OWINGS MILLS, Md. — After heading home to Florida to rehabilitate a torn triceps, Ray Lewis looked into his oldest son's eyes and knew this would be his final NFL season.
The only problem was he wanted to finish it. A piece of advice Lewis often tells his six children is to finish what you start. Lewis began the season with aspirations of winning a second Super Bowl for the Baltimore Ravens. He's determined to finish what he started before beginning a new phase in life.
Lewis promised his oldest son, Ray Lewis III, that if he received a college football scholarship that he'd be there to mentor him and watch him grow as a player. His son committed to the University of Miami, Lewis' alma mater, as a high school junior a year ago and will honor that commitment this fall.
This means Lewis will have to keep his promise.
"I've done what I wanted to do in this business," Lewis said, after announcing his intention to retire after Baltimore's postseason is over. "Now it's my turn to give [my children] back something. It's either hold on to the game and keep playing and let my kids miss out on times we could be sharing together, because I always promised my son that if he got a full-ride scholarship, daddy was going to be there. I can't miss that."
Lewis, 37, has accomplished almost everything imaginable throughout his 17-year career. He won a Super Bowl title in 2000 and was named the game's MVP. He's been named to 13 Pro Bowls and received the NFL's Defensive Player of the Year award twice.
He was a part of the first draft class in Baltimore, selected in the first round with the 26th overall pick.
Though Lewis looked into his son's eyes and immediately knew his legendary career would soon come to a close, he was determined not to let it end with an injury. He began a strenuous rehabilitation program that required round-the-clock treatment for an injury that typically can end an NFL player's season. Lewis tore his triceps in the fourth quarter of Baltimore's 31-29 win over Dallas in Week 6, which was thought to have ended his season.
Instead, Lewis dealt with the pain in his quest to return to the gridiron for one last go-around.
"I probably went through the craziest 12 weeks of training in my life," Lewis said. "But I think I'm there where I should be. I'm way past where I was supposed to be, I was supposed to be out for the year."
Lewis is expected to play when the Ravens host the Indianapolis Colts in the wild-card round of the playoffs, as he said, "There is no reason for me not to be playing on Sunday."
Unless Baltimore and Cincinnati advance to the AFC Championship Game, this will be the last time Lewis runs onto the field at M&T Bank Stadium, which is a surreal thought for Lewis' teammates.
"That's when I think it's going to hit the city of Baltimore the most, that it could be possibly his last time coming through that tunnel," Ravens running back Ray Rice said. "I just really can't prepare for that. The emotions are going to be too rough to even think about because Baltimore is Ray Lewis. When he comes out of that tunnel, everybody is electrified."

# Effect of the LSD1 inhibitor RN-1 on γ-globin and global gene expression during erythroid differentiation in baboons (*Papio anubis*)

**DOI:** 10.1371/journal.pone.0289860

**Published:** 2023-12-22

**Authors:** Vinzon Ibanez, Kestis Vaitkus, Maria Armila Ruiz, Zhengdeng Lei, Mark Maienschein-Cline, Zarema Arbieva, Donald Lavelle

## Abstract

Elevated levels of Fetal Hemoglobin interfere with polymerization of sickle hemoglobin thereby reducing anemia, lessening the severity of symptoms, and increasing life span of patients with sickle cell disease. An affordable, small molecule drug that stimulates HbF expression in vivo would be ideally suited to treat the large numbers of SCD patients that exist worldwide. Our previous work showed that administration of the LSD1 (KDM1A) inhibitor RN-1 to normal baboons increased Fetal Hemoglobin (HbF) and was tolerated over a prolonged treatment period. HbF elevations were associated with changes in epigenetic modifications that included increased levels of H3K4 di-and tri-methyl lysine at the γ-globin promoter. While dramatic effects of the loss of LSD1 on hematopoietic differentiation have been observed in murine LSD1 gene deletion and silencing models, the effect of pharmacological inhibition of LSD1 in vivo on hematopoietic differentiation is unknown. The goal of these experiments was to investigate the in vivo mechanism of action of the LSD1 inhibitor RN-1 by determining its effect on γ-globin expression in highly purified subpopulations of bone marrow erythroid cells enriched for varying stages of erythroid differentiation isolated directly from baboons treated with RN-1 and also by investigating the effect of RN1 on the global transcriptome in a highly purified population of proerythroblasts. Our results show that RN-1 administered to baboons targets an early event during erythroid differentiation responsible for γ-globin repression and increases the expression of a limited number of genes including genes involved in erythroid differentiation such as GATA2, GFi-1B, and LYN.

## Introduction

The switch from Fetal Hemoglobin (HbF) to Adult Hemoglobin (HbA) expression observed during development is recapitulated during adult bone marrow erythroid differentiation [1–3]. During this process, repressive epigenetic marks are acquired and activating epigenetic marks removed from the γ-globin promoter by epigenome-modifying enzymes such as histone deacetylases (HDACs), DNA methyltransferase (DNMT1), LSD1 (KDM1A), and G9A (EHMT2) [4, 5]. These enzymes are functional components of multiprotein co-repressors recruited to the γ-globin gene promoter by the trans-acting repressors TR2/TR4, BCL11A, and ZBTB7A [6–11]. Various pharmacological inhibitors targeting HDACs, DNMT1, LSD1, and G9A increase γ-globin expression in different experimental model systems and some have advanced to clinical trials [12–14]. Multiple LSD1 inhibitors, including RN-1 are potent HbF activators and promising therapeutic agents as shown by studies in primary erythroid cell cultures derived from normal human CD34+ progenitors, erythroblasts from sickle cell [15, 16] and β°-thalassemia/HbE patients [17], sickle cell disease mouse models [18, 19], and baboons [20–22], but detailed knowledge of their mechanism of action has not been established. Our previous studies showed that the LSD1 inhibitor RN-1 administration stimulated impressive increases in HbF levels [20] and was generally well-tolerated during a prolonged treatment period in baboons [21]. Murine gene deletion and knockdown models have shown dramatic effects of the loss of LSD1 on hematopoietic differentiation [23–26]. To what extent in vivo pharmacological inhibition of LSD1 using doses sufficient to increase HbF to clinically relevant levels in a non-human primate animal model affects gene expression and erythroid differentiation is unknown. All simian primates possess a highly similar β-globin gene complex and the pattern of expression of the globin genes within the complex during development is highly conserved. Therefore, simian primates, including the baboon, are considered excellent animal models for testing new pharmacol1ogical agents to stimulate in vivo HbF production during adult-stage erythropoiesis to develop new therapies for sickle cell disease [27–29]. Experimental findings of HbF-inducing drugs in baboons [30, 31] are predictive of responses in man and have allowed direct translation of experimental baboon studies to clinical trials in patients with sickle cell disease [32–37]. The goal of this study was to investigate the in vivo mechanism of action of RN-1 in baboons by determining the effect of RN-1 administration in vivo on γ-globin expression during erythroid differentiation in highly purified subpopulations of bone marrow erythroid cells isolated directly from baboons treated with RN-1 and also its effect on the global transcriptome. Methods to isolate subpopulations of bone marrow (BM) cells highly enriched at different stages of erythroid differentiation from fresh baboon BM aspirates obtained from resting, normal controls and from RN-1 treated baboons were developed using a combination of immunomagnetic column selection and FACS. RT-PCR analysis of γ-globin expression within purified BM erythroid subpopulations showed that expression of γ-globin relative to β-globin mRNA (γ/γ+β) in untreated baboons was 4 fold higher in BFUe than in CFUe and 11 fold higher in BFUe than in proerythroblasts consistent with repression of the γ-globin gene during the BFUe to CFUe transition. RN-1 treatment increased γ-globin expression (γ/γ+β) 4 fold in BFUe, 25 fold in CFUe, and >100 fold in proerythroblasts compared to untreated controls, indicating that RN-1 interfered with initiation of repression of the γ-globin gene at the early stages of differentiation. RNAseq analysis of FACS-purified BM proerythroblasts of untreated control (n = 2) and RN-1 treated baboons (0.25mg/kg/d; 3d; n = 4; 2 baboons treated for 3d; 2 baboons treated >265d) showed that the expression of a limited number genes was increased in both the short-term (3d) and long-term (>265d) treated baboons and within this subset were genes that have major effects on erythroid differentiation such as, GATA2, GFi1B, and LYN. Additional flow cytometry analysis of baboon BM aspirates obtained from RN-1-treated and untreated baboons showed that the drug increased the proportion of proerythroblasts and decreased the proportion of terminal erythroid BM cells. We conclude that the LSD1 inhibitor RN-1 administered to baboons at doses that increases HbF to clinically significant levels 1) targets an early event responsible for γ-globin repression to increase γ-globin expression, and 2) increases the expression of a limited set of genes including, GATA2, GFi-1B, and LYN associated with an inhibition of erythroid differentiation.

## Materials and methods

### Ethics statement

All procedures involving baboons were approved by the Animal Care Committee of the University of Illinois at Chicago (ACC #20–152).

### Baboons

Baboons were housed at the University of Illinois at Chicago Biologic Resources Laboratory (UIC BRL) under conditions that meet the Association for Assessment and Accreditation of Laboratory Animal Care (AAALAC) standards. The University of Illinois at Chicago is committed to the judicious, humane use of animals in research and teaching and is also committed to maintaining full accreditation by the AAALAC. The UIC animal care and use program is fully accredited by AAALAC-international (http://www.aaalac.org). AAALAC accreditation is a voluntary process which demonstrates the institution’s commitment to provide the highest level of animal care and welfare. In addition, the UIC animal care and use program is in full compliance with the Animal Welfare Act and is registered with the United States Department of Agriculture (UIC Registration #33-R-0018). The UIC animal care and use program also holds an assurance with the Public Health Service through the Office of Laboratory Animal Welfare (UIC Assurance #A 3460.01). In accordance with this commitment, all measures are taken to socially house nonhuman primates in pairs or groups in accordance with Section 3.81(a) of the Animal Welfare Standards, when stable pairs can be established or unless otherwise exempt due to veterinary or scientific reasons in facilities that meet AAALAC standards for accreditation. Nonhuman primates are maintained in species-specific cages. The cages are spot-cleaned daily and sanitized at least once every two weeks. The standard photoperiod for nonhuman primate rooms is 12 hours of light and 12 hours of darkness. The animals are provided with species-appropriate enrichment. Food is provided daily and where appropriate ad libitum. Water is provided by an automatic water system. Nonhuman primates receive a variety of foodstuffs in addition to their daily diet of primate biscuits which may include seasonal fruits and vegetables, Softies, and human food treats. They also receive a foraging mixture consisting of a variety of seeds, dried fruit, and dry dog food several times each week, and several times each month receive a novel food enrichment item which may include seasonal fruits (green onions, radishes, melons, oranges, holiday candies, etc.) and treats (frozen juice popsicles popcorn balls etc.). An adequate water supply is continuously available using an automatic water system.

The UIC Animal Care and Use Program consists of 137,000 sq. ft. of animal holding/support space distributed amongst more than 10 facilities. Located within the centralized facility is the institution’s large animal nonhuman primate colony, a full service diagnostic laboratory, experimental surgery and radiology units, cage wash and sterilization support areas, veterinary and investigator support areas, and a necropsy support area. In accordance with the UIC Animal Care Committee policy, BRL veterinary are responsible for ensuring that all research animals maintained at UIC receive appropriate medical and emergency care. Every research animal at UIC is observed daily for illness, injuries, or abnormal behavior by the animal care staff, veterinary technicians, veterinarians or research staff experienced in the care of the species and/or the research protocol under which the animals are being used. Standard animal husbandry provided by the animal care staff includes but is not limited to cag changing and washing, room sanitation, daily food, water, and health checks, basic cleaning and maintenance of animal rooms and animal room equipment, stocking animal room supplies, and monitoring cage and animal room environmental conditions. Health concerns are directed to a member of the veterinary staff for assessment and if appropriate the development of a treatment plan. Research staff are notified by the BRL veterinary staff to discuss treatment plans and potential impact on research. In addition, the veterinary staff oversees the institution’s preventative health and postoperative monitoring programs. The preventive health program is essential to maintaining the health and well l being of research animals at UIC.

There was speculation as to whether this would be Lewis' last season. But not even outside linebacker Terrell Suggs thought the Hall of Famer-in-waiting would make the announcement Wednesday.
"It caught me by surprise because we all thought the great Ray Lewis was going to play forever," Suggs said. "I thought he was going to surpass Brett Favre and still be out there doing it well into his 40s."
Colts coach Chuck Pagano, who was Baltimore's defensive coordinator in 2011, said Lewis was like an extension of the coaching staff on the field
"No one studied the game and prepared the way as well as Ray," Pagano said. "He taught so many how to do that. He's such a great mentor and such a great leader in that respect. He always had great insight and great perspective of not only going into a game but then what was transpiring in a game on the football field and then communicate it to not only myself, but many coordinators before me."
When Lewis traveled to his home state of Florida to begin rehabbing his torn triceps, his right arm was wrapped in a cast. Though he was hurt, he got to do something he hadn't done through the majority of his NFL career, and that was watching a significant amount of his sons' football games. Two of his sons, including Ray Lewis III, played on the same high school team, which finished its season 11-1.
There will be one more opportunity this postseason for Lewis to cement his legacy as the game's greatest middle linebacker. Then Lewis will become a full-time father, devoting as much time to his children as he can.
"Me, being who I am and not having a father myself, that damaged me a lot," Lewis said. "I didn't want my kids to relive that."